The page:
Pro-choice activists are up in arms over the new law in Texas that requires abortionists to have admitting privileges at local hospitals. Because so few abortionists in Texas are able to get these admitting privileges, abortion clinics are suspending operations.
One pro-choice website said the following:
“An admitting privileges law is a TRAP (Targeted Regulation of Abortion Providers) law. The main intent of TRAP laws is to stop abortion through legislation that doesn’t outright make abortion illegal—because that would be unconstitutional and unenforceable—but instead through forcing clinics to close. TRAP laws tend to place unnecessary burdens and stigmas on abortion providers.”
So – the question is, is requiring admitting privileges for abortion doctors specifically targeting them? Is mandating that abortionists get admitting privileges before they can do invasive surgery on women’s bodies unfairly imposing unnecessary medical standards? Well, let’s take a look.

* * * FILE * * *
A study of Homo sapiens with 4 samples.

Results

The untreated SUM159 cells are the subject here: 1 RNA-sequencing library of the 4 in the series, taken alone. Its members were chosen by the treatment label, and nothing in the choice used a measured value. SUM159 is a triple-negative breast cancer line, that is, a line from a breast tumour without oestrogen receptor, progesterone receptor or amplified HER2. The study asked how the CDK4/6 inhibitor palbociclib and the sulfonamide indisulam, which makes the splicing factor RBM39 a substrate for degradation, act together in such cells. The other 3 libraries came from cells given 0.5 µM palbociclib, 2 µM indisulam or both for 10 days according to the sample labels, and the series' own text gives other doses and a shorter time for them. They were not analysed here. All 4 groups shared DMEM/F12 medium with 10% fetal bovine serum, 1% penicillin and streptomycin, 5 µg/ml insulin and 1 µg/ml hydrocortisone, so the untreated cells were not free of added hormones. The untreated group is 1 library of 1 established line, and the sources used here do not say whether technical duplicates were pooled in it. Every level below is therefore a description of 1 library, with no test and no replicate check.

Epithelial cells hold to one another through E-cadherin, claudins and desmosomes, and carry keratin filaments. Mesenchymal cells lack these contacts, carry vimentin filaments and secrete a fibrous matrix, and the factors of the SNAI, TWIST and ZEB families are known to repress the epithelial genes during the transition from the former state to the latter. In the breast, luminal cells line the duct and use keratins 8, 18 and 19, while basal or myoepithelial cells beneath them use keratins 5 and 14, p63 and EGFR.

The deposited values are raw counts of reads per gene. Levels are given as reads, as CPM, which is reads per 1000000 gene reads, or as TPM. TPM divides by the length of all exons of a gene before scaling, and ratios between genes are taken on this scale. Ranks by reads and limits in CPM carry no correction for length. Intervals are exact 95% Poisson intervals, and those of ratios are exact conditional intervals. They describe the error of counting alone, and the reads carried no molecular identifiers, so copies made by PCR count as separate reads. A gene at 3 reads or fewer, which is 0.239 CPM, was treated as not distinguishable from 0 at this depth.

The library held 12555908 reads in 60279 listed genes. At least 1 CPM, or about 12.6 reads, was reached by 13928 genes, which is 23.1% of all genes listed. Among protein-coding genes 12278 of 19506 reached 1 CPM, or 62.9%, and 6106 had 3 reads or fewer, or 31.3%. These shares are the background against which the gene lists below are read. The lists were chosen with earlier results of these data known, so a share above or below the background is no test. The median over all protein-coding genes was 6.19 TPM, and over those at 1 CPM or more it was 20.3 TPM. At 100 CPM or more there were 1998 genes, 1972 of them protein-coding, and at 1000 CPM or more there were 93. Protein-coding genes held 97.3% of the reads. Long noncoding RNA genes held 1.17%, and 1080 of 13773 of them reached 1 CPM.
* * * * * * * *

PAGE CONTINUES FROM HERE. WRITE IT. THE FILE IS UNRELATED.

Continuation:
The American College of Surgeons released the “Statement on Patient Safety Principles for Office-based Surgery Utilizing Moderate Sedation/Analgesia, Deep Sedation/Analgesia, or General Anesthesia.” These are guidelines for all forms of outpatient surgery including eye surgery, plastic surgery, and, yes, “reproductive” surgery.
In 2003, an ACS/AMA (American College of Surgeons, American Medical Association) had a meeting which was chaired by LaMar S. McGinnis, Jr., MD, FACS, of the ACS and Clair Callan, MD, of the AMA. The participants unanimously came to the conclusion that:
“Physicians performing office-based surgery must have admitting privileges at a nearby hospital, a transfer agreement with another physician who has admitting privileges at a nearby hospital, or maintain an emergency transfer agreement with a nearby hospital.”